Many analysts and former Federal Reserve officials have recently warned of impending "stagflation" in the U.S. economy. It's clear from their attitude that stagflation is a very worrying trend, but what exactly is it?
One of the rarer economic conditions, stagflation is a phenomenon that last occurred in the U.S. in the 1970s. The name is derived from its two characteristics: simultaneous inflation and economic stagnation. Taken together, these two conditions can have devastating effects on businesses in every industry.
Because stagflation is so uncommon, few understand just how destructive a period of stagflation can be. However, this vicious economic cycle is so severely impactful it's important to thoroughly examine its causes and effects.
What is stagflation?
High inflation is seldom accompanied by a period of stagnation, but when the two coexist the economy is in a state of "stagflation." During these times, prices of goods and services increase while economic growth remains sluggish and unemployment rates are elevated. Typically, a slow economy would reduce demand for goods and services, driving prices down, but stagflation's dual-characteristics compound one another and threaten to deepen a growing crisis.
Rising prices put even more of a squeeze on unemployed people, or those living on a tight budget. As the unemployment rate rises along with prices, people who have been recently laid off are forced to eat into their savings more quickly. As consumer spending slows, businesses' revenues decline, and in turn business-to-business (B2B) companies suffer as well.
Once stagflation starts, it is extremely difficult to stop. When economic growth is slow or a recession hits, the Federal Reserve can alter monetary policy to encourage spending in a bid to stimulate sluggish economies. This is what the central bank did in the wake of the 2008 financial crisis, and it is only just beginning to lift rates back to normal levels 10 years later. In a period of stagflation, however, pushing down interest rates to encourage spending will exacerbate inflation, ultimately making matters worse. Instead, stagflation demands a much more farsighted approach of reforming fiscal policies as well.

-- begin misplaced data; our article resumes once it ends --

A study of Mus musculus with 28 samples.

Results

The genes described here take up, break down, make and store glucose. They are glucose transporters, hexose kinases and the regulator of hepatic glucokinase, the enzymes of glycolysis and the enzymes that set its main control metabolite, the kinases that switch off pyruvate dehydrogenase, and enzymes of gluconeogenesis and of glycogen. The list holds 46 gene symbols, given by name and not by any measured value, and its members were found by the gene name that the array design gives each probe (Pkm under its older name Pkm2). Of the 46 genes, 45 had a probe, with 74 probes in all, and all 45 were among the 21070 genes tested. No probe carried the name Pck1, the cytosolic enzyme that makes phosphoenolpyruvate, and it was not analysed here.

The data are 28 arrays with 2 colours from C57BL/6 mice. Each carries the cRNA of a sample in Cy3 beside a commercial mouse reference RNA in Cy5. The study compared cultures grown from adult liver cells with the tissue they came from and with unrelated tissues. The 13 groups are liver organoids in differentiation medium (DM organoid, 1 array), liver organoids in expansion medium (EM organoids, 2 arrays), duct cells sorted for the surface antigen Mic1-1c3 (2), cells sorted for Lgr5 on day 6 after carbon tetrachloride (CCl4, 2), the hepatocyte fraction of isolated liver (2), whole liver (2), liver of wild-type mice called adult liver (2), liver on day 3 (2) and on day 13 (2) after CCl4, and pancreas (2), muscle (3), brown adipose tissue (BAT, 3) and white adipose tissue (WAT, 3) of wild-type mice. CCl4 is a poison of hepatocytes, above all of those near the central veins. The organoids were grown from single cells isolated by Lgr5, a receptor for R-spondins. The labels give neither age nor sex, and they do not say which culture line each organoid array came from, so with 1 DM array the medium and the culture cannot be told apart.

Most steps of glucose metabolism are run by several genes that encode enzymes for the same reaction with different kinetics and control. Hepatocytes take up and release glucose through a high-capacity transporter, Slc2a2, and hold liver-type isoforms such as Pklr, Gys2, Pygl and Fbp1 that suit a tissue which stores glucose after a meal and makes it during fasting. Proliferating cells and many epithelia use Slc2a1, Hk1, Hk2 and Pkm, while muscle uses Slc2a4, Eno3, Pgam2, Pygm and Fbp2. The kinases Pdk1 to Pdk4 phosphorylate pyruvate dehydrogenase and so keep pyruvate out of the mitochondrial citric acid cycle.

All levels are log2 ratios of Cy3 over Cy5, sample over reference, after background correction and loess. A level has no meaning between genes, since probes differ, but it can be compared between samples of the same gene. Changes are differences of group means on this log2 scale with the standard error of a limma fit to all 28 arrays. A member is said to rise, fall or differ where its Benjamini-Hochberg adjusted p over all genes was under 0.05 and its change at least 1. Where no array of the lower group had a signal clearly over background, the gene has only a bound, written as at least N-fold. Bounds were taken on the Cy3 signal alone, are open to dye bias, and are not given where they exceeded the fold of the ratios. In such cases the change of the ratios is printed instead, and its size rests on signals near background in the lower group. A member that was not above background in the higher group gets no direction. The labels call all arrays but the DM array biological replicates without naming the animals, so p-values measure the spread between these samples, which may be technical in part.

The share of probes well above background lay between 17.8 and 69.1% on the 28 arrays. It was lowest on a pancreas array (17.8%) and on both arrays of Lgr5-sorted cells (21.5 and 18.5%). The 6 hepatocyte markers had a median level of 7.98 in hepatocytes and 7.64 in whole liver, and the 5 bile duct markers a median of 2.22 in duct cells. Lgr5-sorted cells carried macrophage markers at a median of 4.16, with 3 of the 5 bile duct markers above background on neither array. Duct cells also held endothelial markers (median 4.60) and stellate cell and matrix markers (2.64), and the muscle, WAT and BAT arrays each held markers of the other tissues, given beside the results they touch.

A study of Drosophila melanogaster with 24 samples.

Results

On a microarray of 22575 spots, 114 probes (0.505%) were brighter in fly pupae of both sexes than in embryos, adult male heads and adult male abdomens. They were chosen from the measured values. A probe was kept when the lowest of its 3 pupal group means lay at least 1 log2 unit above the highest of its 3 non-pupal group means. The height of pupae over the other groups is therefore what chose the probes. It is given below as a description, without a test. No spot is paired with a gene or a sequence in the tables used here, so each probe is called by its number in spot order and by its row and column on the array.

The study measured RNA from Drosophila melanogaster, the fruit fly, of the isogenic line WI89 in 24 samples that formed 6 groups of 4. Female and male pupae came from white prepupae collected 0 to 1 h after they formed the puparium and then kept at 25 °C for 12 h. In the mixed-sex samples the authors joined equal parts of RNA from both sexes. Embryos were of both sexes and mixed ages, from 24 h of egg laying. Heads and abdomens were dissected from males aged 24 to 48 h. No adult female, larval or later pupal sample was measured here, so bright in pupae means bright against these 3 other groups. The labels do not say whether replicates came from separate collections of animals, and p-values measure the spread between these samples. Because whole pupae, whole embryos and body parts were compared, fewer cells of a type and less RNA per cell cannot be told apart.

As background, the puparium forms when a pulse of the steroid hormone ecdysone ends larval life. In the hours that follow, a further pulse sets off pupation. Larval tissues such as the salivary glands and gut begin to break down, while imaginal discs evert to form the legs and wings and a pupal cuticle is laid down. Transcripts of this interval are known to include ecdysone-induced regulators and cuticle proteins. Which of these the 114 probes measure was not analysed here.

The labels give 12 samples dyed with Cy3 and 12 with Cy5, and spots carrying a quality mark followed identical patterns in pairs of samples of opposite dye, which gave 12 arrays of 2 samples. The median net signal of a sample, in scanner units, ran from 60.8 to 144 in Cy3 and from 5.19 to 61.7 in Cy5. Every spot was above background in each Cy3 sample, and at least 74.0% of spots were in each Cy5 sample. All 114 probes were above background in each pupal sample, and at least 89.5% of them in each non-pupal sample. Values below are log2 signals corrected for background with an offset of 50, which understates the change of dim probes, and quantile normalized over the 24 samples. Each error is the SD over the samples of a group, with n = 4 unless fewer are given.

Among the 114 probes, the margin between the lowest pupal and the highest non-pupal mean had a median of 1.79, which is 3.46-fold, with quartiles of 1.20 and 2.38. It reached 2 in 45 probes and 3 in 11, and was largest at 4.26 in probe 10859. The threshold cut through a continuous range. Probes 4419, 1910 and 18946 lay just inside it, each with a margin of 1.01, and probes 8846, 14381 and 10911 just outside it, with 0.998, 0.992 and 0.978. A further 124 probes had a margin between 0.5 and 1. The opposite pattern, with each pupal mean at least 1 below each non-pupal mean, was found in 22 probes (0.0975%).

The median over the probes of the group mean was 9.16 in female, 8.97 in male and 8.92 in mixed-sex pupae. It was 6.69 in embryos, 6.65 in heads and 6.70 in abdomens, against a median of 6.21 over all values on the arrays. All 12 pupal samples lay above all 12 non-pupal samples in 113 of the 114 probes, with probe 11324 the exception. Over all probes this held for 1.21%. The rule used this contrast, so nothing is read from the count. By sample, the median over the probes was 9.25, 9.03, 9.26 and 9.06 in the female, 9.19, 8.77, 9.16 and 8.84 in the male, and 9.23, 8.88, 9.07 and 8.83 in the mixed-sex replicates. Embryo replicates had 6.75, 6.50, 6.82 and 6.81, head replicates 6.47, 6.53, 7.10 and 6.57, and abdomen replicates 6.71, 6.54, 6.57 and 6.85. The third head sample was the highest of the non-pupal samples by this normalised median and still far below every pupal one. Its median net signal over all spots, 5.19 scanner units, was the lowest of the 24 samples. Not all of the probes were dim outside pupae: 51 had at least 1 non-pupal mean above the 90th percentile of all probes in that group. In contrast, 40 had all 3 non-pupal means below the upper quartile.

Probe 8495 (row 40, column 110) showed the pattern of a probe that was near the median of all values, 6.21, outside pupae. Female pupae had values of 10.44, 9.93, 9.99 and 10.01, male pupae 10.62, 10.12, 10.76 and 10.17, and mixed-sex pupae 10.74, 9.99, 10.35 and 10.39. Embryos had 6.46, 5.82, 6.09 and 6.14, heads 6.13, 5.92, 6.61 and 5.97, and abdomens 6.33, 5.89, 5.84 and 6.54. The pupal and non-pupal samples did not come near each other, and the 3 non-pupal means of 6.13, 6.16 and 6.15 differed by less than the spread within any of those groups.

What causes stagflation?
There are competing schools of economic thought regarding what causes stagflation. Keynesian economists argue that shocks to energy or food supplies, such as increases in oil prices. Monetarists argue instead that stagflation is the result of a rapid expansion of a country's money supply. Finally, supply side economists believe stagflation is the combination of tight business regulations and high taxes. Generally, each of these factors influence stagflation, and a mixture of all three can send the economy into a tailspin.
History of stagflation
The term stagflation was first coined in the 1970s when the United States began experiencing inflation during a recession. A suspected cause of this particular instance are the policies of the Nixon administration, which heavily encouraged the Federal Reserve to increase the money supply parallel to the White House's strategy of implementing a series of wage and price controls. Those policies looked promising at first, but a sudden spike in oil prices crippled virtually every supply chain in the economy. The combination of all these economic and regulatory factors lead to double-digit inflation rates in 1973 and 1974, as well as nearly doubled the unemployment rate. Naturally, consumer spending plummeted.
Now, some analysts fear the U.S. is heading for stagflation once again. The Federal Reserve has initiated a series of interest rate hikes in a bid to combat inflation, however economic growth has remained lower than historic rates since the recovery, leading experts to fear that the market is unprepared for rising interest rates. If growth grinds to a halt, their reasoning goes, the Fed might be forced to keep interest rates artificially low, encouraging inflation along with declining growth rates. Some even warn it could cause a recession.
Other analysts argue this thinking is off the mark, however, citing low inflation rates and high consumer confidence. As it stands, the Fed has increased interest rates six times since December 2015 to their current level of 1.75 percent. Interest rates remain at historic lows, and the central bank thus far plans to press ahead as planned with periodic hikes.